Tillie Carberry, a 65-year-old grandmother, was a stout woman with gray-streaks in her hair. She owned and ran a furnished rooming house on Lime Street, on the corner of an alley. For over 25 years, she rented out the rooms of her house for commercial sex. This house was known as a “disorderly furnished rooming house.”

I know about Carberry because she spoke to an undercover investigator (who came to Lancaster in November of 1913 to study vice) about her life and how she ran her business.  This investigator saved her notes about her conversations with Carberry. And these notes survive today in the Lancaster Historical Society. Some of what Carberry said to the investigator, Minerva Mullen, might not be true, because Carberry was probably trying to inflate the profits of her business to impress Mullen, who was posing as someone seeking to buy a brothel or a furnished rooming house in Lancaster.

The investigator admitted that she was not sure that “Tillie Carberry” was actually her correct name. Her suspicion was correct. Tillie Carberry’s first name was Emma; and in a previous marriage, her full name was Emma Wetzel. Emma Wetzel was arrested in 1897 for keeping a disorderly house on Lime Street.

Semi-Weekly New Era, 8 Nov. 1897.

The investigator described Carberry’s  appearance as “old fashioned.” And Carberry emphasized her family roles when she spoke to Mullen. She raised her sons and two of her grandchildren in this house. 

But Carberry was hardly an old-fashioned grandmother. She ran a thriving business with significant real estate investments. Her furnished rooming house was not a brothel; commercial sex workers were not boarders in this house. But they came here with their clients and paid Carberry $1 an hour, or $2 for longer. A sex worker who was soliciting on the street could use Carberry’s house. This was also a place to buy beer, which was an important part of Carberry’s business. She charged fifty cents for two bottles of beer. She told Mullen she cleared $100 per week, roughly $3000 in today’s dollars.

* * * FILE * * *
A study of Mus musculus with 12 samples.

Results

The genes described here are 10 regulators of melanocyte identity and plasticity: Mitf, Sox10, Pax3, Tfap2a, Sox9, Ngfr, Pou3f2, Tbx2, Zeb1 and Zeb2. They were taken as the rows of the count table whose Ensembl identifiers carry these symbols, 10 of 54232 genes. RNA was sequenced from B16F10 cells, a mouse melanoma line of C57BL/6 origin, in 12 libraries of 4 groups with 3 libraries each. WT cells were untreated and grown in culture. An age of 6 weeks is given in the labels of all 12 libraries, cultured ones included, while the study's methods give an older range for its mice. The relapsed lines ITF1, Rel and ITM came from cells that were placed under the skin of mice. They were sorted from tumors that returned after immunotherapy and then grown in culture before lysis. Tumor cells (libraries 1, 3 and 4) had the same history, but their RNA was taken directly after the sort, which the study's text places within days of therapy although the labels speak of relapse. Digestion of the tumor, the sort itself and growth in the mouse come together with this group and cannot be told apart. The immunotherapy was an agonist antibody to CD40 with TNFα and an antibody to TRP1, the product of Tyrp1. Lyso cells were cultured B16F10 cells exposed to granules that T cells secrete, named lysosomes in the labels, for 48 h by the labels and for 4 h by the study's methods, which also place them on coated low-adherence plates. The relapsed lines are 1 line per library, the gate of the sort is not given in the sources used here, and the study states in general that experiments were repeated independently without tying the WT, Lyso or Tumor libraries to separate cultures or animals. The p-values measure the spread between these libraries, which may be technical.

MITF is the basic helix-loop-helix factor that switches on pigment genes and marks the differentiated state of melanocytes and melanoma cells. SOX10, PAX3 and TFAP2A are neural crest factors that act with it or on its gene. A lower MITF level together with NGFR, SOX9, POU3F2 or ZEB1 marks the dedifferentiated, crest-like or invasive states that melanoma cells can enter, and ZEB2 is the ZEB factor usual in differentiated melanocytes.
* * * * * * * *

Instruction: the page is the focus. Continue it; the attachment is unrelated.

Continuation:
A beer wagon, “Truman’s Bottled Beer,” from late the 1800s. Image courtesy of LancasterHistory

Carberry’s business practices and the location of the house ensured her success. This house, in 1914, was on an alley. The beer wagon came down the alley to make deliveries. And customers could enter Carberry’s place through a fence on the alley. This location provided some cover for beer deliveries and privacy for clients. Carberry protected the privacy of customers in other ways as well. She always worked the door herself and she protected guests from being seen by other guests. She also bragged about refusing to give any breaks to police officers:

I never go anywhere, stay home, make my money and save it, and everyone is jealous. No one tends the door or customers but me, I never allow anyone to see another.Even the policemen come here with girls. They say, “TILLIE I never pay.” I say, “Well, your money is good here, pay or travel” and I make them pay as well. 

Investigator’s Report, 1913

She was a complicated person–a wife and grandmother, businesswoman, law-breaker and fighter. She had been married four times. She said that her second husband contracted the “disease”–a sexually transmitted infection–and tried to rape her, but she fought him off (she said she bit him) and then divorced him. Her third husband betrayed her by starting an affair with one of the women who brought men to her furnished rooming house. They fought in the house with a potato masher and a butcher knife. She married a fourth and final time. This husband helped her run the house and even worked in the kitchen. The investigator saw him in the kitchen in an apron cooking dinner. The investigator thought he seemed afraid of her because Carberry “appears to have a bad tongue and temper when angry.” 

She earned enough to buy additional houses; her sons lived in two of them. When Minerva Mullen talked with her, Carberry mused that she was ready for retirement. Commercial sex was part of Carberry’s complicated family life. It was a path of security and upward mobility when her husbands proved unreliable and dangerous. She was her own woman.